I'm on page 157 (the beginning of chapter 11) of Walter Kirn's 252-page nonfiction book titled "Blood Will Out: The True Story of a Murder, a Mystery, and a Masquerade." I purchased the book long before I knew that Kirn was coming to this year's Get Lit! celebration, and obviously before I knew that he was going to participate in a literary conversation with Spokane-based author/columnist Shawn Vestal.
That conversation, by the way, will take place at 7 tonight at Riverside Place (formerly the Spokane Masonic Temple), 1110 W. Riverside Ave. Tickets are $15.
So far, "Murder Will Out" is fascinating, not just as a look at a murderous imposter but as an example of confessional writing. What's important to Kirn, who lives — according to his book — in Livingston, Mont., is not just his subject but his own experience leading up to his meeting, his getting to know, his gradual distrust of and eventual feelings of betrayal by his subject.
One of my favorite passages, though, has nothing to do with murder. It involves moment that, Kirn concludes, "sent a tremor through my life." It occurs when Kirn believes that he has run over his 1-year-old son, Charlie. Kirn had been sitting in his pickup, talking to a friend, unaware that Charlie had crawled in front of the vehicle. And he became aware of that fact only when his friend called out the boy's name, by which time Kirn had already driven over where the boy had been sitting.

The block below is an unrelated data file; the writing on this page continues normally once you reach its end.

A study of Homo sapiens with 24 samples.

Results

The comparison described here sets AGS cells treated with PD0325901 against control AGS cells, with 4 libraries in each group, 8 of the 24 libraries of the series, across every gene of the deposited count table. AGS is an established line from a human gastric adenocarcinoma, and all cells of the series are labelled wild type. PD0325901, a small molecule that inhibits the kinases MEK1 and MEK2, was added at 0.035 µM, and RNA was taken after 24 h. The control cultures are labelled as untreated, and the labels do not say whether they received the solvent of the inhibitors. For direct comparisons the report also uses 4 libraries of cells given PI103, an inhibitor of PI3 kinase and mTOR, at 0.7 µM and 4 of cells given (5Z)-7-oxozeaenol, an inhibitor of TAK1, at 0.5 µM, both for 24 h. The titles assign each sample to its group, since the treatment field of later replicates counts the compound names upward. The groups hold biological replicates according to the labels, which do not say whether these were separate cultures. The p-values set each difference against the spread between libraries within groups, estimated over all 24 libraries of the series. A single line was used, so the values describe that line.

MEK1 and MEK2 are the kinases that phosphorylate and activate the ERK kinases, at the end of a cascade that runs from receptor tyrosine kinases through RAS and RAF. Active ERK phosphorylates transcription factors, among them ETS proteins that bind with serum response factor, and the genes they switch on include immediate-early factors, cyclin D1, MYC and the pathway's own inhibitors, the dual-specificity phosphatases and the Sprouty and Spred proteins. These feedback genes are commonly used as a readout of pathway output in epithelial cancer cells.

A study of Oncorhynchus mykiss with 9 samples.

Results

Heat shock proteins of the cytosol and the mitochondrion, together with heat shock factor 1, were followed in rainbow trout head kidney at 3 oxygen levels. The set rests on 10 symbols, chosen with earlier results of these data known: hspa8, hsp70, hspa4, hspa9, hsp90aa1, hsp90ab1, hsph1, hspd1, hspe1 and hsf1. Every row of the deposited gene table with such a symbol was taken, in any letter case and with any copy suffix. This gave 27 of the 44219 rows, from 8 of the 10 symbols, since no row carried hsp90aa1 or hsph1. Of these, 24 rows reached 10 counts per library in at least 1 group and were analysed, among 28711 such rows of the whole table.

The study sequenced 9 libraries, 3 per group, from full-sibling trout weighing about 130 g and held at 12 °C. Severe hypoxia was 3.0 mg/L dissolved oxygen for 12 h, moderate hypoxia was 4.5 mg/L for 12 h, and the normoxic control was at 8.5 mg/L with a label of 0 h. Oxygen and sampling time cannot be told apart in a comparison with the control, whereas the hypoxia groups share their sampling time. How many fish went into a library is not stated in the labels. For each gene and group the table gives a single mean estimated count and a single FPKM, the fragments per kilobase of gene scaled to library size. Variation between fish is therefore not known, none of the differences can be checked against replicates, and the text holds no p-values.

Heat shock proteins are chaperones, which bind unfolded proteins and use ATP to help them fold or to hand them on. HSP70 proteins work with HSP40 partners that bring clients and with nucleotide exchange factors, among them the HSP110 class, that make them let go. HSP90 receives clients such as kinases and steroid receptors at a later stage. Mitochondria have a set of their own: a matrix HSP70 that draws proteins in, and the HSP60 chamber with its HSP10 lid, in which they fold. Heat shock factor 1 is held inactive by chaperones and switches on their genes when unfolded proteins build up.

"The truck rolled on, a good ten feet — momentum. I stopped it as time elongated and yawned and I became a speck or cinder drifting in a nauseating gray void. I shifted into Park. I climbed down from the cab. Life had just ended for me, so I was calm. I hurried, because one must, but I was calm. With forty more years to absorb the ghastly image already taking shape in my mind's eye, adrenaline and panic were irrelevant."
I'm tempted to leave things there, and tell you to go pick up a copy to see what happens. But that would be mean. Kirn continues:
"He was sitting upright under the license plate, halfway between the rear tires. My perfect boy. The pickup's jacked-up, four-wheel-drive suspension had allowed the chassis to pass right over him. It made no sense. The overlay of horror — the scene that should have been — persisted in my vision as I reached for him. Angels. Providence. Only they made sense. In the realm of logic and causality, I'd killed my child, but love had vanquished physics and here he was in my arms, against my chest, with nothing but a pink patch on his forehead where the truck's differential had scraped the skin."
The discussion between Kirn and Vestal, no slouch of a writer himself, should be fascinating. It will follow each writer's reading from his own respective work. Click here for ticket information.